Monday, November 15, 2010

Winter's Bone

I finally saw Winter's Bone (Debra Granik, 2010) at the Cinema Nova this afternoon, and it is, as Margaret and David said in At the Movies, a truly wonderful experience. Set in Ozark mountain country in southwest Missouri and northern Arkansas, the landscape is a character in itself. The encompassing trees and mountainous terrain, along with its overwhelming and prevailing silence is mirrored in the demeanor of Ree Dollys' (Jennifer Lawrence) mother who has been rendered mute through a nervous breakdown, either through grief or because her husband, one of the main makers and suppliers of methamphetamine has disappeared through suspicious circumstances. Both the Gothic landscape and Ree's mother appear impenetrable, both hold secrets that cannot be unearthed.
This is generally a quiet and well controlled film. Even though there were some violent moments, it seemed to me that there were strong emotions lurking beneath the surface that never quite break free. The camera lingers for a few seconds on a ceramic butterfly hanging outside Ree's house, but it only serves to show that her father has attained some sense of freedom, whereas she is left trapped in an environment and situation in which she is the sole carer of a mentally sick mother and two younger siblings, who she dutifully shows how to fire a rifle and skin a possum - after all, they must learn how to survive.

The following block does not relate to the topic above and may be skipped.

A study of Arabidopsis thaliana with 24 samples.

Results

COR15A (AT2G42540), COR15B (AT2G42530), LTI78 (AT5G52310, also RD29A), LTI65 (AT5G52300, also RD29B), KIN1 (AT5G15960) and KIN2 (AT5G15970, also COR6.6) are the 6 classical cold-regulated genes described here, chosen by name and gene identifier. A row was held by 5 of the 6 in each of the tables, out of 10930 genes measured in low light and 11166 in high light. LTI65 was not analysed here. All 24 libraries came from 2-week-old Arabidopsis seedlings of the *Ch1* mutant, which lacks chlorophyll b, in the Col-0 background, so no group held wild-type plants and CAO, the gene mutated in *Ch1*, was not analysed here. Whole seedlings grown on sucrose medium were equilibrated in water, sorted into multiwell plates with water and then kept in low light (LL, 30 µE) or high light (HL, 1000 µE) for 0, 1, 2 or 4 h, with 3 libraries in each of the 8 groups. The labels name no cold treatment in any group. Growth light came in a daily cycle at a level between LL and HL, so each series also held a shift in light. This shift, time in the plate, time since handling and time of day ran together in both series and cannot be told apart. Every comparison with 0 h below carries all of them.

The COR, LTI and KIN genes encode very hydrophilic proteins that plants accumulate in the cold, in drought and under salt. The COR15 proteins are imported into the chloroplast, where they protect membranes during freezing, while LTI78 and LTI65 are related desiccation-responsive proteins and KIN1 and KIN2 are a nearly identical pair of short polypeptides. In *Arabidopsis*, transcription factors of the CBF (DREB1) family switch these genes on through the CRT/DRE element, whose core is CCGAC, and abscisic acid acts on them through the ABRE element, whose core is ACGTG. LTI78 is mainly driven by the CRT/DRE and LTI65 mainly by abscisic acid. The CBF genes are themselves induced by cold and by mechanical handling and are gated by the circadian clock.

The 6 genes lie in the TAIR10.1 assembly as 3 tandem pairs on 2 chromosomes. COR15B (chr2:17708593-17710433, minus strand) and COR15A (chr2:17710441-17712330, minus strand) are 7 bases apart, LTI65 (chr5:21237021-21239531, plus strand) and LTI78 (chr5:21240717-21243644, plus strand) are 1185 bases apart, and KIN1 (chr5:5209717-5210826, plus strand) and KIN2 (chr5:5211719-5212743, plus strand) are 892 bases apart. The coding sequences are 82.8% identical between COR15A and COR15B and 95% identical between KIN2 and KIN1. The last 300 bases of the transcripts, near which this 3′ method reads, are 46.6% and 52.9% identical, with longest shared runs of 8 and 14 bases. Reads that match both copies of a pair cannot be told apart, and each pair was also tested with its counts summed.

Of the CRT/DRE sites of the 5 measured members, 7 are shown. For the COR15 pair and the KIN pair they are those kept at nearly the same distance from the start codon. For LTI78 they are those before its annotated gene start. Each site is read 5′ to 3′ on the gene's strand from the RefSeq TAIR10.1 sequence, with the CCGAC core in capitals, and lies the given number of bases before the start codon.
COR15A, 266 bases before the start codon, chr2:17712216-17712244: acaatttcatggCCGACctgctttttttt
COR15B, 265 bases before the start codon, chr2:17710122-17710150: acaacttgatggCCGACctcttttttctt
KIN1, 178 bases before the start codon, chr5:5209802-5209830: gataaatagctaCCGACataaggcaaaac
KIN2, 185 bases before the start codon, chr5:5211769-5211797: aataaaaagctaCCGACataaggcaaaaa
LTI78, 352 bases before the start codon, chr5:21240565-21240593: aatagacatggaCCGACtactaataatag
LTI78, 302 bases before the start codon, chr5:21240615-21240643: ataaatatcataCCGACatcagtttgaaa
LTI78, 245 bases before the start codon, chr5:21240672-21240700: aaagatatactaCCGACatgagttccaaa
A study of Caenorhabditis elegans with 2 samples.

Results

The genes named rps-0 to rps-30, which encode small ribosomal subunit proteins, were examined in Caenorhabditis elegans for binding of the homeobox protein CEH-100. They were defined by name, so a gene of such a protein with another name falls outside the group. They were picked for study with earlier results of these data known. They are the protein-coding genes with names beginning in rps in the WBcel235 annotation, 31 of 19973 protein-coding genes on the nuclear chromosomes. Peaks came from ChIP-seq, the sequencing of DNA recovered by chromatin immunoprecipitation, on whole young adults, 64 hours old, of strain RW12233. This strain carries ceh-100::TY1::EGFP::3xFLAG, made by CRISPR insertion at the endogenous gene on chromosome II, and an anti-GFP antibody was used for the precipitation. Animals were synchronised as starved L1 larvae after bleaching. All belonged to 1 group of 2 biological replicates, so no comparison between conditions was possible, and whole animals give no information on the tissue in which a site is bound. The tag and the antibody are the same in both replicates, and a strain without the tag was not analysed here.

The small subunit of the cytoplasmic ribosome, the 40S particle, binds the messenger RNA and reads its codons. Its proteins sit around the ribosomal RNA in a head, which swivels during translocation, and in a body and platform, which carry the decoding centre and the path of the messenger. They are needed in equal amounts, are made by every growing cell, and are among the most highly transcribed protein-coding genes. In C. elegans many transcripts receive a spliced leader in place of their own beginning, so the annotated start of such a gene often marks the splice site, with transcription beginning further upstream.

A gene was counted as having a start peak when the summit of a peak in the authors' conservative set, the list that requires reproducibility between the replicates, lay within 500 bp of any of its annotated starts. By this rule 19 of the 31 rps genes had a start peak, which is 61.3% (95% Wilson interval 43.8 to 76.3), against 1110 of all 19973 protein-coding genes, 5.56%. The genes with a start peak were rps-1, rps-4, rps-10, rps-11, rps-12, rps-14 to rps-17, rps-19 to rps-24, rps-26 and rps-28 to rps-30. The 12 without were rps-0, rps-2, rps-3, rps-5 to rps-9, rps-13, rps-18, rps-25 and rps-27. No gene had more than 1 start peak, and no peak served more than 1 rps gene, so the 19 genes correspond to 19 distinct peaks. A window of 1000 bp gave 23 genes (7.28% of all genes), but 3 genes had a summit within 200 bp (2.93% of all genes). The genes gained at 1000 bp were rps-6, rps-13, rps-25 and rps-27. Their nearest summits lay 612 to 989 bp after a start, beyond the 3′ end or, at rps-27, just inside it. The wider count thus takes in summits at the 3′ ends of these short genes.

There is a certain aesthetic beauty in this film, but it's not found in the clothes hanging on the line, the carcass of a dead deer in the next door neighbour's garden, which they carve away at, in full sight of the small children, the exposed flesh of a dead possum or the blood on Ree's face after she has been bashed by close-knit locals who wish her to remain silent about their involvement with her father's death; although these scenes do add a certain authenticity to the film, which depicts the raw nature of living in such brutal territory and poor circumstances.
No, the beauty may be found in the quiescent ambiance imbued through the whole film and reflected in the innocence of the children's faces.
I believe that locals were used as extras in the film and I imagine that the older woman singing what could only be described as a mountain song, was indeed from the Ozarks and this aspect of the film also made it not only intriguing, but gave it a certain flavour that made it memorable.